Studies in this week’s Hutchins Roundup find that declines in manufacturing employment hurt local economies, aggressive monetary policy only has a small impact on inequality, and more.
In response to the financial crisis, the Bank of England lowered interest rates and launched a program of large-scale asset purchases. Philip Bunn, Alice Pugh, and Chris Yeates of the Bank of England examine how this lengthy period of accommodative monetary police affected income and wealth inequality. Using the Bank of England’s main forecasting model and survey data on household characteristics and balance sheets, they show that monetary policy had almost no effect on income inequality: it increased labor income and decreased interest income on savings by a similar proportion across the income distribution. They find that monetary policy decreased wealth inequality slightly. Although higher asset prices benefited wealthy households, higher inflation eroded the mortgage debt of middle- and low-wealth families. In addition, higher house prices benefited middle-income families because their wealth is concentrated in housing.
Francesco Manaresi of the Bank of Italy and Nicola Pierri of Stanford use detailed data on balance sheets and credit for 76,542 Italian firms between 1998 and 2013 to determine how credit supply affects productivity. They find that reducing the supply of credit to a firm slows its productivity growth for up to two years by dampening research and development and the adoption of new technologies; the effect on productivity growth does not revert, meaning that the level of productivity remains lower over the long run. Their results suggest that the credit contraction between 2007 and 2009 can account for about a quarter of the drop in productivity over this period and partly explain persistently sluggish productivity growth in the Italian economy following the financial crisis.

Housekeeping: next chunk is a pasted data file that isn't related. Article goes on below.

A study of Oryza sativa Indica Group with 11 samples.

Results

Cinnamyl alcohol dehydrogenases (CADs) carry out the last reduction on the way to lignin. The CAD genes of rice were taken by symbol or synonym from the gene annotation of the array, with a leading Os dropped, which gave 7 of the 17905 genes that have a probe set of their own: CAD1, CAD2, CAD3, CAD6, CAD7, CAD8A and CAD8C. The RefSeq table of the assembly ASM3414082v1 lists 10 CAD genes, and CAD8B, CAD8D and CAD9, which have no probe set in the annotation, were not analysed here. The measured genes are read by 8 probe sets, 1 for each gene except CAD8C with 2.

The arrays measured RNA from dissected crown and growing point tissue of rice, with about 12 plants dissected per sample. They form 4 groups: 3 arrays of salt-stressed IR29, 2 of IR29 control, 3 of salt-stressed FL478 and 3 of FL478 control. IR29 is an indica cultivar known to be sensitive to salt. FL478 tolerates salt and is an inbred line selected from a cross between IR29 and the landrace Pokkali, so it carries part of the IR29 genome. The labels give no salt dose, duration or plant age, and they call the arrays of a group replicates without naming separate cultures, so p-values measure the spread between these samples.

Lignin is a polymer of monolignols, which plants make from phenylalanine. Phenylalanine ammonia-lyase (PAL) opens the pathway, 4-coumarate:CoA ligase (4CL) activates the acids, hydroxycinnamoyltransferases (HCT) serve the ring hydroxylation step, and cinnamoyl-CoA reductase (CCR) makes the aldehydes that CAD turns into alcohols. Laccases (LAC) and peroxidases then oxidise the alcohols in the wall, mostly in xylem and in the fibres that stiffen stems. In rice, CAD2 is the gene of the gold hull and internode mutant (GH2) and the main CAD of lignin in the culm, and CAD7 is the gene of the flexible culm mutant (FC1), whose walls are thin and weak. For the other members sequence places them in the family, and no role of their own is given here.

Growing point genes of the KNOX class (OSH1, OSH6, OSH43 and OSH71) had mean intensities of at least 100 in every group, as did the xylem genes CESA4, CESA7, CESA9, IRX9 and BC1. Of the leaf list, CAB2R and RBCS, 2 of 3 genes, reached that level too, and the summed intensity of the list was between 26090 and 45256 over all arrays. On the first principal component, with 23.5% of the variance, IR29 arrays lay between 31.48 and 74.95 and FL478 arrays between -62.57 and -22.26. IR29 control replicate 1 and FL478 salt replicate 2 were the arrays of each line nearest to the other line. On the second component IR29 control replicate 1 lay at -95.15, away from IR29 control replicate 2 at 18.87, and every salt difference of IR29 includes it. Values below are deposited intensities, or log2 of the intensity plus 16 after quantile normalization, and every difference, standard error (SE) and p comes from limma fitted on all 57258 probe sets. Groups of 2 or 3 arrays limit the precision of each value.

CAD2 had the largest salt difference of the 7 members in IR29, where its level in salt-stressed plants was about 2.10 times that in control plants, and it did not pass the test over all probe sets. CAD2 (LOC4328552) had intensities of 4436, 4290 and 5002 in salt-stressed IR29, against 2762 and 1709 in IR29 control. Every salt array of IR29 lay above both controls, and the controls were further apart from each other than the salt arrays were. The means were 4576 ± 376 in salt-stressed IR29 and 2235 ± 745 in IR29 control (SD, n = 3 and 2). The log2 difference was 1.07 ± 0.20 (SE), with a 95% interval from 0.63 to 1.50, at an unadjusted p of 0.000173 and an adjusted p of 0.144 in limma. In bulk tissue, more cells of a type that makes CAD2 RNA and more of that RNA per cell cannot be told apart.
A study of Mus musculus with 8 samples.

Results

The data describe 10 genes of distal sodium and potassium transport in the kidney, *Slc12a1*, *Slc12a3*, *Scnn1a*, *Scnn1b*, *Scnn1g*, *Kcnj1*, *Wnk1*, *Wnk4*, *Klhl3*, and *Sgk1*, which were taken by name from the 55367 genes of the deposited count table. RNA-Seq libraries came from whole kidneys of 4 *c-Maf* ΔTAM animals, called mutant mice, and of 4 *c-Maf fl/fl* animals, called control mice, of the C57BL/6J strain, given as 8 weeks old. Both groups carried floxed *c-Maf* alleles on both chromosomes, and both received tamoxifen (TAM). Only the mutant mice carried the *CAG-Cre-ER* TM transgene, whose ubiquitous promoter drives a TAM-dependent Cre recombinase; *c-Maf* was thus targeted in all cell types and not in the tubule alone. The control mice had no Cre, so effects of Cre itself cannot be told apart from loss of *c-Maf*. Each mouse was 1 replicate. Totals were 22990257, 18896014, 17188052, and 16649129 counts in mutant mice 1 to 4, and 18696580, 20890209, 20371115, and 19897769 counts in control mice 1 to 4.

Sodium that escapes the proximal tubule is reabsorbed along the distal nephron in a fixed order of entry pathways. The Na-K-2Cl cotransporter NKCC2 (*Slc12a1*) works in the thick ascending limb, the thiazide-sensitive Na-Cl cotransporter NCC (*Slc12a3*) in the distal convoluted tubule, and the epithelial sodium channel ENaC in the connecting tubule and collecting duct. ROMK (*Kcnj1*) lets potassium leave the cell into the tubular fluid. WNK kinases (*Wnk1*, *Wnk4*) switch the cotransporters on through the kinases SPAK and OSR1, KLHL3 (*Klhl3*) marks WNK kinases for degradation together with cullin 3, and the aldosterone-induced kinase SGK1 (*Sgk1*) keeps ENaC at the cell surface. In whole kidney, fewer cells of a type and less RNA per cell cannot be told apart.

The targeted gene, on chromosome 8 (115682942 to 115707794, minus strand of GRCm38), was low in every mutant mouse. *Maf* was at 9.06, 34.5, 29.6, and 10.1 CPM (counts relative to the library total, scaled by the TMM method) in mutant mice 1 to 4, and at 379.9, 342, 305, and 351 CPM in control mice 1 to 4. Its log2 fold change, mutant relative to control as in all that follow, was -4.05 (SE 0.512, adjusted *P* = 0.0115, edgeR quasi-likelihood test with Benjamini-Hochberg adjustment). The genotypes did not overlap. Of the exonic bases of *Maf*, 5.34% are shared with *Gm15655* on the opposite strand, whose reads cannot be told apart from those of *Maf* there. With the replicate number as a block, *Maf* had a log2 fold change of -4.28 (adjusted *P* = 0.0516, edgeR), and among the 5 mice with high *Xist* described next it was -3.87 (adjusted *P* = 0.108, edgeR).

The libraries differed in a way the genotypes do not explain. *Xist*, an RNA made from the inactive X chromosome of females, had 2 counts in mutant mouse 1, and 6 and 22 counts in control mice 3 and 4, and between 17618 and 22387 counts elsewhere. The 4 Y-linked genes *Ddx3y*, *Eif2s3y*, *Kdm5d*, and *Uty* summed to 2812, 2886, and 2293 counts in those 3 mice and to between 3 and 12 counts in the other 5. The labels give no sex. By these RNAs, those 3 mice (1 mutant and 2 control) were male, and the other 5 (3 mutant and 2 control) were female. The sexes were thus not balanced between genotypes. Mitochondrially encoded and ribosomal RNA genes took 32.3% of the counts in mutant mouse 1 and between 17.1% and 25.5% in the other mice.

Chart of the week: US prime-age labor force participation is lagging behind other countries
Quote of the week:
“There is a risk that the global economy might fall into a kind of debt trap, if policies in general are unable to address the build-up of debt. In the case of monetary policy, the risk is that the higher debt levels that have gone hand in hand with lower interest rates will make it harder to raise those rates to historically more normal levels. In turn, this would reduce the policy room for maneuver and complicate dealing with the next recession,” says Claudio Borio, head of the Monetary and Economic Department of the Bank for International Settlements.
“The first piece of good news is that no one is under the illusion that the business cycle has vanished, so that there is a lot of thinking devoted to how to tackle one. The second piece of good news is that central banks have gained quite a bit of experience with the new tools, so the range of options is broader. The less good news is that the room for maneuver has narrowed.”